A former Halifax Courier editor who also worked for several national newspapers as a sub-editor, has died at the age of 89.
Lancastrian Dennis Taylor spent all his working life in journalism. In 1961 while a journalist and music correspondent with the Lancashire Evening Telegraph in Blackburn, he was one of the first journalists from outside Liverpool to interview The Beatles.
In 1965, he left the Lancashire Evening Telegraph in Blackburn to become the first editor of the Evening Star when it launched in Burnley.
It was he who instigated the campaign to get a motorway built between the two main centres of East Lancashire – Burnley and Blackburn – a successful campaign that led to the M65 being built. He also launched the Sports Pink to carry in-depth news and reports on those arch-rivals, Burnley FC and Blackburn Rovers.
Back in the 1970s, between editorships, he also worked subbing shifts on several nationals and Sundays at their Manchester offices.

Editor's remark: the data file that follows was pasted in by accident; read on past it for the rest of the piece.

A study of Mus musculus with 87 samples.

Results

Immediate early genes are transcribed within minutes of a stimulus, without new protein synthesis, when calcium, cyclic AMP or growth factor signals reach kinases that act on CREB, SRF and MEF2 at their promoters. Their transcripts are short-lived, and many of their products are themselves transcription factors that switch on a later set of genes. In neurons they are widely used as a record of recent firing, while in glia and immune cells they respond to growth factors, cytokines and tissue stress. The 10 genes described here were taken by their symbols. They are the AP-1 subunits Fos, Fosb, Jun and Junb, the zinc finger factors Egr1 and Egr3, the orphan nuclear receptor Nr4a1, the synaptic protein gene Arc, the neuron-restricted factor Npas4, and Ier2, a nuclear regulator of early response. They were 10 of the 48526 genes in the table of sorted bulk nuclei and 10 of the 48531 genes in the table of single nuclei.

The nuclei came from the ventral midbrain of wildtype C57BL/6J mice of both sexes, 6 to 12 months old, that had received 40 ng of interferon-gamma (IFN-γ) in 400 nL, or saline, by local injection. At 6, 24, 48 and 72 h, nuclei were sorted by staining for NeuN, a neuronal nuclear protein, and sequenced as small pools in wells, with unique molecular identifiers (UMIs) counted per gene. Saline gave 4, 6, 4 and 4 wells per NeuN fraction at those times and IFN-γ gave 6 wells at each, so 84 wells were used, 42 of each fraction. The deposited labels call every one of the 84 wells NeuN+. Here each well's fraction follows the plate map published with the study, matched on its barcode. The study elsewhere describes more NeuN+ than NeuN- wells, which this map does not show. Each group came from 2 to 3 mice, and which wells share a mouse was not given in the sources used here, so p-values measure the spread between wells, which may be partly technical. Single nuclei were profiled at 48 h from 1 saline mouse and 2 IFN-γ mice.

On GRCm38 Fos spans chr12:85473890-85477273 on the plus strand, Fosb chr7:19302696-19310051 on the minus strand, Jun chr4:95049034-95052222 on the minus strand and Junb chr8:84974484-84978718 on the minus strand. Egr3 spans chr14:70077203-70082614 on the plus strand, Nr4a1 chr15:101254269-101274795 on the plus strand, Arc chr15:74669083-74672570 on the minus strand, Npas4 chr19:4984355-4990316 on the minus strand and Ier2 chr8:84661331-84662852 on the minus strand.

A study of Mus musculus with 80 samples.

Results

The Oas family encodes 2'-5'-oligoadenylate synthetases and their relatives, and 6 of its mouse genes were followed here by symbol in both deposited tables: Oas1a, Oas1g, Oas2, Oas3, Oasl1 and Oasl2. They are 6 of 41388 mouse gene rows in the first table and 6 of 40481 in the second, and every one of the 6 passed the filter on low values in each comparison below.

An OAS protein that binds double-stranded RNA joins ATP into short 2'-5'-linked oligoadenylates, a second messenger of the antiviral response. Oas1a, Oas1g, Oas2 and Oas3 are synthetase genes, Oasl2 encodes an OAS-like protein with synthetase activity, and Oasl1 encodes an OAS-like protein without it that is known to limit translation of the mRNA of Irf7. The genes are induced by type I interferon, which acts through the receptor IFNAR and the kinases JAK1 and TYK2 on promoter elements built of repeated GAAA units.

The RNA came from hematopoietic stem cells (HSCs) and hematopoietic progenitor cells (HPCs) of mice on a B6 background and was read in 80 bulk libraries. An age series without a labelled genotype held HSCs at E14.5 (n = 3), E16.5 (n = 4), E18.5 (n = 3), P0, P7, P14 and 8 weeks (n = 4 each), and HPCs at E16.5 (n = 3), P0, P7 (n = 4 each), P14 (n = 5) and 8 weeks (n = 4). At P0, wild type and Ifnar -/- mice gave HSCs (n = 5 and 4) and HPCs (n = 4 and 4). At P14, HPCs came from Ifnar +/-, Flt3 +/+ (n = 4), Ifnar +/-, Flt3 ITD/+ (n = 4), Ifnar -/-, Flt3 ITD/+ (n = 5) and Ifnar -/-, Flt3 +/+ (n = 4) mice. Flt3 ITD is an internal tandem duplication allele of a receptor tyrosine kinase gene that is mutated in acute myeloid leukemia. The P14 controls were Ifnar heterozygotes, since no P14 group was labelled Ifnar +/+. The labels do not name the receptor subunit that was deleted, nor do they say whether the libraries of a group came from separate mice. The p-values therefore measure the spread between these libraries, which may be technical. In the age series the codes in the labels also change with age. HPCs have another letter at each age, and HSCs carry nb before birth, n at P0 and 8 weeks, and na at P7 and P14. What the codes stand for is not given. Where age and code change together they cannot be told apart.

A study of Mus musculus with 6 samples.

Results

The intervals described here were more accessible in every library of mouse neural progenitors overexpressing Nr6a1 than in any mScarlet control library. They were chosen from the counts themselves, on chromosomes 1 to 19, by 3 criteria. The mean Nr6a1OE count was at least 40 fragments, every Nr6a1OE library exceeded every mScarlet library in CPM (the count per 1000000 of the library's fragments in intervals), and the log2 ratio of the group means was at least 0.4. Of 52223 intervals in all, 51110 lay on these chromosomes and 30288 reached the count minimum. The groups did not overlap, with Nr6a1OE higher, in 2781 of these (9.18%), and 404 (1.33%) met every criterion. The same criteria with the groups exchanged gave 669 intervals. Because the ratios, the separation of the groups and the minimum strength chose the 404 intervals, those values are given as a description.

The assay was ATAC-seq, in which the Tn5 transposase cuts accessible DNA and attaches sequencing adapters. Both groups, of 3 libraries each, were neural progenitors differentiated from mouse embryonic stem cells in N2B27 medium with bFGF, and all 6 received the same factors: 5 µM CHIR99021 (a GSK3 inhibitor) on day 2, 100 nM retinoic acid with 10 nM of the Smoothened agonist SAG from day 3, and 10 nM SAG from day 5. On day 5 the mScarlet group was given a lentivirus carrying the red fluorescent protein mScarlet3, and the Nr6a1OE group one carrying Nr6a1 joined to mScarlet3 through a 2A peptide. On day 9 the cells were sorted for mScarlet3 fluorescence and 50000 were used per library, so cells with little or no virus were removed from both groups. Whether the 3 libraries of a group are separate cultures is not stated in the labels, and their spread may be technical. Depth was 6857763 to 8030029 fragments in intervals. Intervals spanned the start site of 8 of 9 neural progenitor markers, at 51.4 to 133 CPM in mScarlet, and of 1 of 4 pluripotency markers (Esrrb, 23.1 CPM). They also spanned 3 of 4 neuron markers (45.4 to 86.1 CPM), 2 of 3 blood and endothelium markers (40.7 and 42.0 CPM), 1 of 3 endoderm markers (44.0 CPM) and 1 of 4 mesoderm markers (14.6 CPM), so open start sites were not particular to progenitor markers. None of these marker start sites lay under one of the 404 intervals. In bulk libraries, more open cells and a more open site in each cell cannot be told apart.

In 1978 he became editor of the Halifax Evening Courier before leaving nearly 10 years later. Before officially retiring he worked as a sub-editor at the North West Evening Mail in Barrow-in-Furness and finally theWestmorland Gazette in Kendal, the town where and his wife Ida moved to in 1988.
He also helped out with producing walking books and with Talking Newspapers for the Blind.
A keen sports player in his younger days and a fan of many sports all his life, he was a more-than decent golfer right up until his late eighties and played cricket for his home town Chorley in the Northern League.
A fan of Burnley Football Club, he struck up a firm friendship with the enigmatic Clarets chairman, Bob Lord.
Four of his six children - Michael, Carolyn, Simon and Philip - have all enjoyed long careers in journalism.